We haven’t talked much about the backyard even though it was an important part of our consideration when buying a house. When logisitics and budget negated our ability to buy something with a mountain view, we settled on the need for privacy. This house delivered thanks to a neighborhood section full of single story homes and a back fence absolutely flooded with ivy, which adds so much life to the space.
We inherited three things
- Way more planters than we could ever hope to fill
- A smorgasbord of non-native plants that need continuous watering.
- Questionable irrigation for said water-loving plants
The irrigation worked somewhat well to keep the plants alive. It worked really well at encouraging weeds. While we focused on the interior reno, the planters were slowly overrun. Our solution: cut the water entirely, saving money and killing the weeds. It worked-ish. Mostly it was a hot mess of plants that we were thankful to have in the rear of our house where no one could see them.
The ultimate plan was to rip out every last plant and replace it with drought tolerant varieties, which we both love. But with everything else on our plate and the sheer scale of the project, we figured this project wouldn’t happen until sometime well into 2019. That didn’t stop us from wishing for a solution (or more time) because we use our backyard a LOT. We moved into our home in July and literally didn’t eat dinner inside until early October. Add in plenty of time relaxing by the fire pit and we logged a lot of hours dreaming about what the backyard would look like… some day.
That day came much faster than expected. Aaron’s business started ramping up last fall. Having some extra cash from that coincided with our neighbor’s landscaping company making some finishing touches in their yard. Aaron asked what it would cost for them to clean out all of our planters, and a few hundred dollars later we had a clean slate.
We had already tested painting the brick a medium gray in a few sections so we were ready to get rid of all that red.
The hardscape was also fairly easy. We absolutely love blue gray Mexican beach pebbles, but at nearly $10 per bag we knew we couldn’t fill the beds with these. Thankfully white marble chips are about half the price and well within our color story. We opted to do the higher (and smaller) levels of each planter in Mexican beach pebble and the bulk of the planters in white marble chips.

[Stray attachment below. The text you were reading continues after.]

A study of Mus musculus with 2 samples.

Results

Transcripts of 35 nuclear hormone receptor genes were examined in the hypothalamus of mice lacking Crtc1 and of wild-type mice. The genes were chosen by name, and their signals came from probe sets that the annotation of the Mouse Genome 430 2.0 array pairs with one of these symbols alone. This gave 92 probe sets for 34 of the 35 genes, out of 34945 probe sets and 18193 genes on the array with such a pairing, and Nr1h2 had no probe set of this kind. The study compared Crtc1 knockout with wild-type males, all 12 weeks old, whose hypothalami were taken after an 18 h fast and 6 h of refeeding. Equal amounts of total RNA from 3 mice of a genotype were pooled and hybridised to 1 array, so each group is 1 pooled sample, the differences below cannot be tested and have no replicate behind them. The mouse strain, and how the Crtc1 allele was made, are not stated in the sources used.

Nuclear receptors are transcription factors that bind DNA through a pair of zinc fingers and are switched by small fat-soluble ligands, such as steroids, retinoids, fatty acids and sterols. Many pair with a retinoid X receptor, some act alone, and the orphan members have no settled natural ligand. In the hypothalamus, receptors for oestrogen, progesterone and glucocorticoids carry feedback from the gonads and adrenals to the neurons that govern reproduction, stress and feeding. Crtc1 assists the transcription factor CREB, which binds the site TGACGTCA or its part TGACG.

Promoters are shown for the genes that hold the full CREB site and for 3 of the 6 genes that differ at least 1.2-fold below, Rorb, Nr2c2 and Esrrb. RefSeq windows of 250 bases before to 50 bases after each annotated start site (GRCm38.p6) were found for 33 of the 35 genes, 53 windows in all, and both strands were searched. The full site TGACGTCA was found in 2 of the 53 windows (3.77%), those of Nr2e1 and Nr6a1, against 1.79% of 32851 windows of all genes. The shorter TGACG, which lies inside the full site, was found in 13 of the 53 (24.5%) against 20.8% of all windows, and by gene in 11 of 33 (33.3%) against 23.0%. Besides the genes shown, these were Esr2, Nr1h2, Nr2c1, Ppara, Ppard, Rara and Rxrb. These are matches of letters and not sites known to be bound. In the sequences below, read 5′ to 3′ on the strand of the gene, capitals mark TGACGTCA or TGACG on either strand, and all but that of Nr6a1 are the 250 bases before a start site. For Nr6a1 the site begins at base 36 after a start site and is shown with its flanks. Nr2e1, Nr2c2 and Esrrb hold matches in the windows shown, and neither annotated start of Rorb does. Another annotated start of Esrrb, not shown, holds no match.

In terms of plants, we decided on a clean look for the planters. We weren’t looking to overfill or buy plants that would spread. We also wanted native or drought tolerant plants for eco and “know your weaknesses” reasons. When it came to the exact plants we were a big basket of ¯\_(ツ)_/¯
So we visited nurseries and took pictures and asked for prices and made sure that everything we liked would be good with little water and lots of neglect. Our biggest scores were finding 5′ jade plants for $55 and massive agave that had been neglected so long they literally grew through their pots into the earth and had to be dug up for $35. THESE are our types of plants!
In the far left side of the yard we planted a lemon tree. This was unrelated to this major project and obviously not drought tolerant. But we have always wanted a lemon tree and when in California, as they say. Next to that we kicked things off with a coat of paint…
In the taller section we planted a foxtail agave and a white bushy thing. Up front we opted for fescue (which you will see a lot) and tall squiggly plants.
If you haven’t realized by now, you should not be here for specific plant advice.
The plants for the center section of the yard needed special consideration because our dogs have decided they do not like the dogs that live behind us. One of the neighbor dogs has decided that the right answer to Great Dane aggression is literally pulling sections of the fence off with his teeth. So besides having some patches, we needed plants that the Danes wouldn’t entirely trample as we work on their manners.
Agave plants were the solution. We paired them with more white fluffy plants and fronted it all with fescue. The white plants and fescue on the right side are still kind of intact after several months of Dane re-education. It’s mostly a win.
Moving along the back fence we bought three aloe things and more fescue.
Because repetition in design is good and this agave was mysteriously only $50, we echoed the look from the other corner.
The key hole planter was our biggest challenge because of the sheer size of it. We wanted to make sure it felt appropriately full without spending an arm and a leg on plants.
Our solution was well spaced and various sized agave in the marble chips, backed by two massive jades and more white fluff plants in the Mexican pebbles.
It is one of my favorite sections of the planters… although looking at the photos it makes me want to redo our fence. Don’t look at the fence.
Rounding out the right side, we planted some variegated jade, more fescue and a tall something that I absolutely loved and negotiated hard for. Also of note, there’s a rusty piece of metal (because when one of your best friends hauls a piece of rusty metal out of the ocean and asks you to put it in your garden, you say yes). You may also have noticed that we didn’t paint the brick touching the patio. We have some other plans for the backyard patio, which are definitely ON the list for 2019 (and kicking off in a few weeks!)